HDR Panoramic Photos in Lightroom
Last week I was at Adobe MAX, and attended a seminar where instructor Jack Davis showed that not only can you make HDR and Panoramic images in the latest Lightroom, but that they can be combined into massive HDR panoramic RAW (DNG) files. This was an idea I found quite intriguing.
See, I'm not a huge fan of HDR. Let's just put that out there… the vast majority of them I find to be over-processed, over-saturated, and hyper-real to the point of distraction. That said, the idea of HDR is of course very intriguing. After all, who wouldn't want a RAW file with dozens of stops of dynamic range?
The best alternative to HDR I've ever seen is what my friend Sean Bagshaw does. His landscape work is borderline ridiculous and one of these days I'm gonna get him to write on this site. He uses a technique called “luminosity masks” (which I've mentioned here and there before) to extract massive data from bracketed files, in a very, very visually pleasing way. Also very complicated and time consuming. Anyway, that's another topic.
HDR + Panoramic
This post is about the HDR and Panoramic features in Lightroom CC 2015.
Here's the gist of what I learned in this class. First, when you make an HDR in Lightroom, you don't get back a TIF or JPEG HDR file. No, you get back a DNG. A DNG with 20 stops (–10 to +10) of exposure latitude (and that's just off the exposure slider!) that you can treat like any other RAW file, pulling and pushing the highlights and shadows wherever you want, as you normally would.
Second, you can combine these HDR RAW files into a panoramic, given you a RAW HDR panoramic. Like… wow.
So I walked out of this session inspired and excited. It was nearing sunset, but given that it was Los Angeles and it was 72℉ and sunny, with nary a cloud in the sky, my options were dismal. But I decided to shoot one anyway.
I picked up my LUMIX GX8 and set it to a seven shot, 1-stop difference bracket. That means I got –3, –2, –1, 0, +1, +2 and +3 exposures. I held the camera vertically (may as well maximize the vertical resolution) and — handheld! — fired off the first sequence of seven. Then I panned a little bit, and repeated eight more times.
I want to point out that there were people and cars moving through this scene. About the only concession for them I gave was to not shoot a sequence when a car or bus was driving through the shot. Otherwise, I just fired away. I panned the camera into nine different positions, resulting in 9×7=63 individual RAW files. Here's what that looks like in Lightroom (screenshot made after all HDR and Panoramic work was done; the red ones are my HDR images).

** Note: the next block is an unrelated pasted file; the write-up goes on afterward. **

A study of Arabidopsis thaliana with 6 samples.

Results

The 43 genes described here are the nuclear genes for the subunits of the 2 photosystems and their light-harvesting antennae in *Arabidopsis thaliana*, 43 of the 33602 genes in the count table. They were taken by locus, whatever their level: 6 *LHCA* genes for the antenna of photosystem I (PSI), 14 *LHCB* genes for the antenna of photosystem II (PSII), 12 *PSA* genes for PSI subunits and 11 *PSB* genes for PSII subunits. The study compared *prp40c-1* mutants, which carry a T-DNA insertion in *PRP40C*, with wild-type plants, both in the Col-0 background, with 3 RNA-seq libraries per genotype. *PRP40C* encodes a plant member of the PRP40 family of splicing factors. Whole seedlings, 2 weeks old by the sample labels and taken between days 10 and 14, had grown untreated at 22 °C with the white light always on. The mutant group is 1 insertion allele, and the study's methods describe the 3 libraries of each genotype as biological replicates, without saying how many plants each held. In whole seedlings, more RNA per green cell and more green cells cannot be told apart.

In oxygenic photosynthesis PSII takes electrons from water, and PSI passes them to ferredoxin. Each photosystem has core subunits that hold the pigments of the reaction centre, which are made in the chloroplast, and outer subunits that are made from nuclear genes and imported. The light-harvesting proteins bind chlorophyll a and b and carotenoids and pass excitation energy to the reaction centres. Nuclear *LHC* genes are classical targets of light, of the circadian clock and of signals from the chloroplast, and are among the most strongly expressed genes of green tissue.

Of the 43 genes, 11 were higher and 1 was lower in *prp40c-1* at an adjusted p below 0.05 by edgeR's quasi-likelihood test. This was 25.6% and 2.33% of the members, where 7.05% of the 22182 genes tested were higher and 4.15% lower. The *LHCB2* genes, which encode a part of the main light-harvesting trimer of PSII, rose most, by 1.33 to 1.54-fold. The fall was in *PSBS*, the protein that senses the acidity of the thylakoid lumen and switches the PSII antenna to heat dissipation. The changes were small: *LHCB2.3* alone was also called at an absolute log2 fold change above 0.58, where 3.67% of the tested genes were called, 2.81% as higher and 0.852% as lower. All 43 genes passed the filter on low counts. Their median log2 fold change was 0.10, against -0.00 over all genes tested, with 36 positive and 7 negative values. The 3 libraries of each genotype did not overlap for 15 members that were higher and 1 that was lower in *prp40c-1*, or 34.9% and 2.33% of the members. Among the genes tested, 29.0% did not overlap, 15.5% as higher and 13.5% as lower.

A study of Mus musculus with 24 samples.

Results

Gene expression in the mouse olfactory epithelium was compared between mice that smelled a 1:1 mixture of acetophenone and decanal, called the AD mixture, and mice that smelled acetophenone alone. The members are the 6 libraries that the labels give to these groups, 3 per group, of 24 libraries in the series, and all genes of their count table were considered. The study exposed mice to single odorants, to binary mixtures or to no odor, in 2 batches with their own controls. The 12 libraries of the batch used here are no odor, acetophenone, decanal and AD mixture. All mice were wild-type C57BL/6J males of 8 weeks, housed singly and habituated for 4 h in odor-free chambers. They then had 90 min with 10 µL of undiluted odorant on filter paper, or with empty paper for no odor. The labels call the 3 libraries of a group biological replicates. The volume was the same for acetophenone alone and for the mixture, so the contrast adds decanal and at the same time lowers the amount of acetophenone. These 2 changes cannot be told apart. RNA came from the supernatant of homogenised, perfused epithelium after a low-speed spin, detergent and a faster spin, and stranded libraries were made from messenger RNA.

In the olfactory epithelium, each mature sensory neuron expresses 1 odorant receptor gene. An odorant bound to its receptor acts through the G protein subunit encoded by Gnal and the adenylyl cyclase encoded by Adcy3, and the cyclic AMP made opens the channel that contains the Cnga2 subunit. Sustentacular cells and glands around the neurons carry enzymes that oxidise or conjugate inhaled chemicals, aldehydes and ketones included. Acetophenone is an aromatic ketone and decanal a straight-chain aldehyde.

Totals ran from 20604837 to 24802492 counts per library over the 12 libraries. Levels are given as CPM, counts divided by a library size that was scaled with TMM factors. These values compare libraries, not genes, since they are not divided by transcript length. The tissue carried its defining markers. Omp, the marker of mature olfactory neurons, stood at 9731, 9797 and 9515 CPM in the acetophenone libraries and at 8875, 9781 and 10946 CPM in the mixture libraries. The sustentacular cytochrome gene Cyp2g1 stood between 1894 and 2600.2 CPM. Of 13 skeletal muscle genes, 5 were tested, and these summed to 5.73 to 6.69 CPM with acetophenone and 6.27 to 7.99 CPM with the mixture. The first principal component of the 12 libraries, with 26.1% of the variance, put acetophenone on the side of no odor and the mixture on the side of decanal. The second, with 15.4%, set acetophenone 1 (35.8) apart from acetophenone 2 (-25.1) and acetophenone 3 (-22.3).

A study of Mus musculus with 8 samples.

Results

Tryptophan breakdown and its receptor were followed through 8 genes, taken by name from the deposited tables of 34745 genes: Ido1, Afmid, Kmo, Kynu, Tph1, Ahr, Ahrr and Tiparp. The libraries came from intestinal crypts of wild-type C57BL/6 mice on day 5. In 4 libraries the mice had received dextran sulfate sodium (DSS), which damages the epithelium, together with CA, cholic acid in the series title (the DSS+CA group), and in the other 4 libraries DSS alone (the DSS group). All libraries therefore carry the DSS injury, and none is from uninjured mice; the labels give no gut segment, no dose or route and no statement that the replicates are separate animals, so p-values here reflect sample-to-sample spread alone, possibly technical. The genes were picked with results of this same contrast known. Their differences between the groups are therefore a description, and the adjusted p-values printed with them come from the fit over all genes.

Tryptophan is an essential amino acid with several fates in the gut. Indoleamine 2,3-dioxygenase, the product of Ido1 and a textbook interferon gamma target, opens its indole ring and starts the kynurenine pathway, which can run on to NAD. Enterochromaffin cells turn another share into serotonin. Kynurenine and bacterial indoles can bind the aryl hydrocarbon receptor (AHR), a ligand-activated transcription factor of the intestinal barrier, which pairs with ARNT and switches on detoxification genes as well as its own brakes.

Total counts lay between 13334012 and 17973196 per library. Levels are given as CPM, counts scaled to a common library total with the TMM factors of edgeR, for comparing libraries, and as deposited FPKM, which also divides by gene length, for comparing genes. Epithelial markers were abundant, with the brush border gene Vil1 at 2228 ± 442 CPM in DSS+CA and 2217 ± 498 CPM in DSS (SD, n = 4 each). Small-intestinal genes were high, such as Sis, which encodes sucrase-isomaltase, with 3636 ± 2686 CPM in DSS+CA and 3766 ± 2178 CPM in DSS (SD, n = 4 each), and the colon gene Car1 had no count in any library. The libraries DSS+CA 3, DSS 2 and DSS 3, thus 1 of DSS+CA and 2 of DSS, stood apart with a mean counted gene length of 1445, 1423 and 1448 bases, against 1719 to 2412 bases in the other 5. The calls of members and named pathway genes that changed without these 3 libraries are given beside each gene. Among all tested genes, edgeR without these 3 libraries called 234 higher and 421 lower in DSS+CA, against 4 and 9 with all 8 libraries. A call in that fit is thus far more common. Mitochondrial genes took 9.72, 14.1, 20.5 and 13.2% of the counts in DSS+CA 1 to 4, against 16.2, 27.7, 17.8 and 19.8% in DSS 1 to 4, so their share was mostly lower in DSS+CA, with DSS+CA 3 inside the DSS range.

Once in Lightroom, I merged each set of seven into an HDR file. When you merge, you have a few options. First, there's Auto Align, which if you're shooting handheld is of course critical. If you're on a tripod, it should be safe to disable. Then there's Auto Tone, which means Lightroom will take a stab at blending the exposures. I'd say it's worth leaving that on, because even if you hate it, you can just reset the adjustments later. But if you don't leave it on, you may have a hard time figuring out how to adjust the sliders to get the image you want. And finally, you have Deghost Amount, which compensate for things moving in the scene. If I understood correctly, you want this as low as possible while still achieving the right result. In these shots, with people walking through the scene, I found that a setting of Medium was required to keep double-legs and other oddities from appearing.
Below is a comparison screenshot of the same seven photos combined with no deghosting applied, and medium. The medium setting also has Show Deghtost Overlay enabled, so you know where to look for the changes.
The resulting file again has an incredible latitude. Check out the exposure slider. Where you normally would have –5 to +5 range, once turned into an HDR you have –10 to +10.
Once all nine of the seven-stop HDR files were created, I selected those nine HDR files and put them through the Panoramic tool. There are few options here; you can choose the Projection or let the software pick it for you, and then you can choose to Auto Crop or not.
The instructor Jack advised leaving auto crop off, because you can often fill in the gaps with Photoshop's Content Aware Fill. No doubt you can, and now re-looking at the top of this scene, that would have been clever to try. But I didn't, so I saved out a cropped version. Of course that crop is non-destructive, so I could go back and re-crop and open in Photoshop and all that… but I won't.
Also I want to point out that the resulting cropped file was 11,846 × 4,167 pixels, which is a 49.4 Megapixel file. Nice.
And here's the end result, with a bit more exposure adjusting, gradual and radial filters, and more.
If you want to, download the full size file [24 MB, nearly 50 MP JPEG image] so you can see how good of a job the software did with the Panoramic. OK look I'm no pano expert, and there may be software that does it better. But I'm way impressed that there are no half- or three-legged people running around, or even phantom half-cars or half-busses, given how much movement there was when I shot this. In fact the only obvious error I've spotted is on the white lines in the road, which is pretty funny considering how easy those should have been relative to the moving trees and people.
I'll definitely be playing with this some more. I need to find a killer pano scene that begs for HDR bracketing, and see what I can come up with!
If you've done this before… share the imagine the comments below. I'd love to see them!